Badges for Learning Info & Press Release
Attached are the official press release and informational sheet to accompany the September 15, 2011 launch of the Fourth Digital Media and Learning Competition. Below is the text of the info sheet:
Learning can happen anytime, anyplace, at any age.
Learning happens in K-12 and college classrooms, adult education and in professional development programs. Learning also happens in an array of other online and in-person environments: in afterschool programs and online tutorials, through mentoring, playing games, interacting with peers in person and in social networks, with smart phone apps, in volunteer workshops, at sports camps, during military training, and in countless other ways and other places.
A badge is a validated indicator of accomplishment, skill, quality or interest that can be earned in any of these learning environments. Badges can support learning, validate education, help build reputation, and confirm the acquisition of knowledge. They can signal traditional academic attainment or the acquisition of skills such collaboration, teamwork, leadership, and other 21st century skills.
Badges are used successfully in games, social network sites, and interest-driven programs to set goals, represent achievements and communicate success. A digital badge is an online record of achievements, the work required, and information about the organization, individual or other entity that issued the badge. Badges make the accomplishments and experiences of individuals, in online and offline spaces, visible to anyone and everyone, including potential employers, teachers, and peer communities.
In addition to representing a wide range of skills, competencies, and achievements, badges can play a critical role in supporting participation in a community, encouraging broader learning goals, and enabling identity and reputation building. For a learner, a sequence of badges can be a path to gaining expertise and new competencies. Badges can capture and display that path, providing information about, and visualizations of, needed skills and competencies. They can acknowledge achievement, and encourage collaboration and teamwork. Finally, badges can foster kinship and mentorship, encourage persistence, and provide access to ever-higher levels of challenge and reward.
Digital Media and Learning Competition
The Fourth Digital Media and Learning Competition focuses on building digital badges for lifelong learning. The Competition is designed to encourage individuals and organizations to create badges – digital tools that support, identify, recognize, measure, and account for new skills, competencies, knowledge, and achievements for 21st century learners regardless of where and when learning takes place.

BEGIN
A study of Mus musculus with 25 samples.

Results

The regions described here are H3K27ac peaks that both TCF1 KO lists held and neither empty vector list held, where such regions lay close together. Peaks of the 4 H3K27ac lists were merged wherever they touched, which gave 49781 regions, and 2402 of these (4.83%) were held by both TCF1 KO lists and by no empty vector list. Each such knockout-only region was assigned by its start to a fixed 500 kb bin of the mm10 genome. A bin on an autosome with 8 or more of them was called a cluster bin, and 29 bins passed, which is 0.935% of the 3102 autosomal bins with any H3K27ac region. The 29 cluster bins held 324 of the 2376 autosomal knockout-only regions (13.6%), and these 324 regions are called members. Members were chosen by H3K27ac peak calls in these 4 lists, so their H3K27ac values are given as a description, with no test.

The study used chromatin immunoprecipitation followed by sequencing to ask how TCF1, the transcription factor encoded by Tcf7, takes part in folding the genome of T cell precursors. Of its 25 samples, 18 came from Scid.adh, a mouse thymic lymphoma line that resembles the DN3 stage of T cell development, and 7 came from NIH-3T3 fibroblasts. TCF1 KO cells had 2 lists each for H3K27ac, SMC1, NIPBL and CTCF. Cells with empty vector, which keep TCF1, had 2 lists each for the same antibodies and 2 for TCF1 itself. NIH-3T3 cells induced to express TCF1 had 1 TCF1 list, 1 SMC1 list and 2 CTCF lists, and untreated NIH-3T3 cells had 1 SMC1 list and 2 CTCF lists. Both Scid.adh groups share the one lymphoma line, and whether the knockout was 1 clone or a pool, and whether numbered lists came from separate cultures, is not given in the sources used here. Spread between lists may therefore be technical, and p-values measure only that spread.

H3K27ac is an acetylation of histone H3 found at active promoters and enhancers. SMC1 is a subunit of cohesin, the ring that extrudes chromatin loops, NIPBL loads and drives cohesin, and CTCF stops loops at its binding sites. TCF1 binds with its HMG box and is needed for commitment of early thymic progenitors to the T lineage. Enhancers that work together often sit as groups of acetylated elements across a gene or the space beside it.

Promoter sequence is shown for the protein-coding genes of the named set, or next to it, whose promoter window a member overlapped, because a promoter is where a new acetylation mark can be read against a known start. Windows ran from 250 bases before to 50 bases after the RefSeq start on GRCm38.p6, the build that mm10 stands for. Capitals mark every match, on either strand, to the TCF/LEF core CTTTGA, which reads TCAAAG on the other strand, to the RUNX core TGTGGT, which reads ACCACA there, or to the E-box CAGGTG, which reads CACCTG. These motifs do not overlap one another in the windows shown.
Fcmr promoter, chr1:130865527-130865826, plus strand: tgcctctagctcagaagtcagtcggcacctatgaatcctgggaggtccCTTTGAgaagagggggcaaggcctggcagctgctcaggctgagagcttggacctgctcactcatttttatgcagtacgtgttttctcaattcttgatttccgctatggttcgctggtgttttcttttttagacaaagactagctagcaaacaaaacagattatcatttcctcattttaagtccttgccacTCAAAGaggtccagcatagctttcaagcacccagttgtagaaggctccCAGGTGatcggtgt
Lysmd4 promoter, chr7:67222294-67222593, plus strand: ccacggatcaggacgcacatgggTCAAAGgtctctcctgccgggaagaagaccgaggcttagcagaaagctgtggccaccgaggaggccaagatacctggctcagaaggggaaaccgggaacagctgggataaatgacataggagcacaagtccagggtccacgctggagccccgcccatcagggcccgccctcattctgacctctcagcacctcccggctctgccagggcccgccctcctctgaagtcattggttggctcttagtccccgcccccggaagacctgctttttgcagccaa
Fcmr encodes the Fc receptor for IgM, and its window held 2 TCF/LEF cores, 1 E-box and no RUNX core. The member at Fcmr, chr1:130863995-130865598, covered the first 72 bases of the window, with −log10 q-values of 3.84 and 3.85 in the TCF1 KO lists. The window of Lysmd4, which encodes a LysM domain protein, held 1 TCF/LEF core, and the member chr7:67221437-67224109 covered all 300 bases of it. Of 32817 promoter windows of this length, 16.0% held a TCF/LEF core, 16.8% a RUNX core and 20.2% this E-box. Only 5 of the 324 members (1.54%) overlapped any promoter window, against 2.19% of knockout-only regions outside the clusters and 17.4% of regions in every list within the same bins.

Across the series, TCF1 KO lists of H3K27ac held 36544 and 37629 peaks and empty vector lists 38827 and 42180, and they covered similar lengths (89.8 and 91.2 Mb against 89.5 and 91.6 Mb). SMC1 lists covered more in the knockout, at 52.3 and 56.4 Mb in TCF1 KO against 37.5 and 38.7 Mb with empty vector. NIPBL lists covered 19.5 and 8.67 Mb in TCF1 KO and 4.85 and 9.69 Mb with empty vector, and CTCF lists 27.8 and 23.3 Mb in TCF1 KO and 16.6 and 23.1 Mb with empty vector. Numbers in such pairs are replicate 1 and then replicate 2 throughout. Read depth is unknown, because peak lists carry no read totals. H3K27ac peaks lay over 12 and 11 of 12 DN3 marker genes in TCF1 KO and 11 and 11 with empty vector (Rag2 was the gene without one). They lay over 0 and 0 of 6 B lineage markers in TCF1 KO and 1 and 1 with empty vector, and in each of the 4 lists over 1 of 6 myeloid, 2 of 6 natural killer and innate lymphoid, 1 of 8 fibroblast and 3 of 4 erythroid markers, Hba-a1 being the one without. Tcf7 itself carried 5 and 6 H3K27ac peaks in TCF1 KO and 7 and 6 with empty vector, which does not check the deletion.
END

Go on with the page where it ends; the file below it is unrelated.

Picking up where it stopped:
The success of badges as an alternative path to accreditation and credentialing for learners relies on a significant “ecosystem” of badge issuers, badge seekers, and badge displayers. The Competition aims to spur the development of that ecosystem through the creation of high quality, valuable individual badges and sets of badges. The Mozilla Foundation, with support from the MacArthur Foundation, is building an Open Badge Infrastructure to enable the interoperability and collection of badges. The infrastructure will support badges from any issuer across the Internet. It will allow learners to collect, carry, and display their badges across websites and experiences and from youth through adulthood. All badges and sets of badges developed through the Competition will be designed to plug into the Mozilla infrastructure— which will contribute, in turn, to the development of the larger badge ecosystem.
In this ecosystem, each digital badge or collection of badges can inspire learning and translate “anytime, anyplace, any age” learning into a powerful tool for getting jobs, finding communities of interest, and demonstrating skills, competencies and achievements. For more on the Mozilla Open Badge Infrastructure, please see https://wiki.mozilla.org/Badges
An Open Conversation about Badges
As part of the Competition, HASTAC will also host a year-long open conversation about possible standards and protocols for a credible, coherent badge ecosystem. Throughout the year, open meetings will be convened, research conducted, and online conversations hosted to discuss topics related to the functioning
of a badge ecosystem. Topics will include the validation and credibility of badges, as well as the elements of and best practices for creating badges.